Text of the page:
Friday, May 12, 2006


Is Bernanke Losing Control?

This Market Watch article sizes up the Feds' performance. "All eyes are on the Fed, and one respected institutional service thinks there are reasons to dislike what they're seeing. It's nearly eight years since the Long-Term Capital Management hedge fund cratered. At that time, the Federal Reserve engineered an extraordinary bailout on the (highly debatable) theory that the financial markets would otherwise be fatally disrupted. What would happen if there was another LTCM today?"

"The Connecticut-based institutional service Bridgewater Daily Observations, which itself manages over $150 billion, has been asking this disturbing question and getting a fairly disturbing answer. In recent issues, Bridgewater pointed out that money invested in hedge funds is now five times higher than in 1998, when the LTCM debacle occurred."

"Bridgewater also tried to show that hedge funds are vulnerable to the same things: 'tight credit, widening credit spreads, and falling equity markets.'"

"Bridgewater's summary: 'We estimate that an unfavorable environment, in degrees comparable to 1994, 1998, and 2000/01 will cost..equally to about 2/3 of the S&L crisis and twice the size of the Mexican default in 1994, i.e. it is material, but not system threatening.'"

"That's the good news. The bad news: 'the system can withstand a moderate economic crisis (like those that occurred post-1993) but not a major one (like 1974).' Bridgewater estimates that losses with the current hedge fund regime would have been $80-$100 billion in the post-1993 crises, $300-$350 billion in 1974 (and $500-$600 billion in 1929)."

"And then there's the REALLY bad news: Bridgewater also expects a major international system crunch exactly like the collapse of the fixed exchange rate Bretton Woods system, which lead directly to the inflationary crisis of 1974."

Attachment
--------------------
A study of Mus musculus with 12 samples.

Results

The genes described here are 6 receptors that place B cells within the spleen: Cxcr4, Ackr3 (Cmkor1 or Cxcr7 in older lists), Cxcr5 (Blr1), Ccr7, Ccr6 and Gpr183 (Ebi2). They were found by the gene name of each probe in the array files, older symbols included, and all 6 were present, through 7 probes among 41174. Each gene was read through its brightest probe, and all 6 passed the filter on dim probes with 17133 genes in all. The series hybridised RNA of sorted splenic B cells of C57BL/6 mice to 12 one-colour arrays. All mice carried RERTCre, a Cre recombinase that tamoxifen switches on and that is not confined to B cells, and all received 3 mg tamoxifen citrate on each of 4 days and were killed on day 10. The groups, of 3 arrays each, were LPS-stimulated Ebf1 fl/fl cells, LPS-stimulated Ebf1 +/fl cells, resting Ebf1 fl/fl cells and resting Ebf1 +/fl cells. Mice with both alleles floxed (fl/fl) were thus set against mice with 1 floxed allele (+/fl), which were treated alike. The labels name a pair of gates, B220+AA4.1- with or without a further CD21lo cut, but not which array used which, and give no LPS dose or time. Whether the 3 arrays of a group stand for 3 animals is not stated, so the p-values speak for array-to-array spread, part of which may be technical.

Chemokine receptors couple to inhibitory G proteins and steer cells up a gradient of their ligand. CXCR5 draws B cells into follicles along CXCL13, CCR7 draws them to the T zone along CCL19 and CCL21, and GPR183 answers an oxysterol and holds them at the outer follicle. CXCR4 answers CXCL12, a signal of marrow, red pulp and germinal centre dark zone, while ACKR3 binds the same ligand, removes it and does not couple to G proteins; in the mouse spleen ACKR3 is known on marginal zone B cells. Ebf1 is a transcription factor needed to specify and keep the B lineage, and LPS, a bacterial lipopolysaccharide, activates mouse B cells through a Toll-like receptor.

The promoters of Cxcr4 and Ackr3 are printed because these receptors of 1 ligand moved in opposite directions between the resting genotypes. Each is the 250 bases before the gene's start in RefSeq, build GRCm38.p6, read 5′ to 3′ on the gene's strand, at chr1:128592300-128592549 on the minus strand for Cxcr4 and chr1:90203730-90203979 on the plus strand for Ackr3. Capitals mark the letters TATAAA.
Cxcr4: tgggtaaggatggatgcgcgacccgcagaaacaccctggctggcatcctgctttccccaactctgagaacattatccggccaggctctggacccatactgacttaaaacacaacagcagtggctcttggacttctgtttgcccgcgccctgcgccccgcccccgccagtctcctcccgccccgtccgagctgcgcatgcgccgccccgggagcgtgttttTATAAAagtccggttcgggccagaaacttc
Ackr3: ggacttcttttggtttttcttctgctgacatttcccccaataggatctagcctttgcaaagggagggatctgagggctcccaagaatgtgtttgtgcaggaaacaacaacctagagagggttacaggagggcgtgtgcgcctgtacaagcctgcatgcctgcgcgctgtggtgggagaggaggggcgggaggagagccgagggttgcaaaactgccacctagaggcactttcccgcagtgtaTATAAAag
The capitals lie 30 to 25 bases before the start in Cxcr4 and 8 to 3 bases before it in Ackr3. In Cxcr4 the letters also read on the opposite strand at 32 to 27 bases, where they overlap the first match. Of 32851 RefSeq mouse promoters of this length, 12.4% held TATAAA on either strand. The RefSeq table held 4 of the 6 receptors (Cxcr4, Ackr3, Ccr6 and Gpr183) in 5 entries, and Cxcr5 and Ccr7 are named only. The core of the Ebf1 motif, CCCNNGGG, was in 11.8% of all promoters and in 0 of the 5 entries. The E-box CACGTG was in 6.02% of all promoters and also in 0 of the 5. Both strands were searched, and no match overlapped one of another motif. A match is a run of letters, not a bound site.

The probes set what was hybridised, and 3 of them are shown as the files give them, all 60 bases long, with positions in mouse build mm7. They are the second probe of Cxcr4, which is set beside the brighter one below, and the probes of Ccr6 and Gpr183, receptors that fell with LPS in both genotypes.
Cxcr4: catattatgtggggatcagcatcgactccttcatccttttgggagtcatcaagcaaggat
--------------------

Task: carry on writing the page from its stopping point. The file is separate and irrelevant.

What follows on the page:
"Wednesday morning, Bridgewater's Daily Letter was headlined, 'The Tremors Before the Big One' and concluded: 'We believe the odds of a dollar/ U.S. debt crisis in the next twelve months are elevated (say 50 percent).' A week earlier, Bridgewater pointed squarely at China's manipulation of its exchange rate and at new Fed Chairman Ben Bernanke's handling of the situation."

"In an issue titled 'Bernanke's Test begins,' Bridgewater wrote: 'Today's imbalances are much larger and global in scale. They have been sustained for a longer time because China, and many other countries, are not defending a declining currency with shrinking reserves. Instead, they are resisting rising currencies with increasing reserves, a much more sustainable action.'"

"The result, according to Bridgewater: 'bigger imbalances that have taken longer to build, have been sewn deeper into the economic fabric, and will take much longer to unwind, with dramatically larger financial consequences.'"

"Bridgewater's savage summary: 'Now you've got a new, academic, waffling Fed chairman, a falling dollar, a falling bond market, rising gold and commodities prices, and an underperforming stock market all with a giant current account deficit.'"

"Its caustic conclusion: 'Bernanke is rapidly losing control.'"

As someone has already asked, if you were Ben Bernanke what would you do? He only has a few options, raise rates, lower rates, hold rates. Increase the money supply, decrease the money supply. I still contend after all these years of dollar devaluation the FED has painted itself into a corner. Inflate or die! Deflation will occur ultimately. Damn shame the Federal Reserve was ever established in the first place,IMO. All fiat paper ends up in the same place, in due course!
With 80% of GDP tied with export, China doesn't afford to raise exchange rates dramatically. What I see will happen is they will put up small percentages from time to time to placate Western pressure.

China is only a conduit to the world from commodities to consumption. The problems starts with the US.

Greenspan deliberately inflated with Bush's mindless tax cuts, which resulted in the unsustainable debtload we are having now. Senate just extended the tax cuts for capital gains. All the forces are still in the system.

Short of raising rates like Volcker, Bernanke is not going to reverse the course. Bernanke is a dove. That's what he is.

Long bonds will go up with inflation and gold. Housing and consumption will be dive with high gas prices.

We are reliving the 70s, folks. Only there is no Volcker to save us.
At least we're not reliving the '60's, like the other half of our political class wishes were true.
Personally, I think we're in uncharted territory here. I can't imagine how BB copes.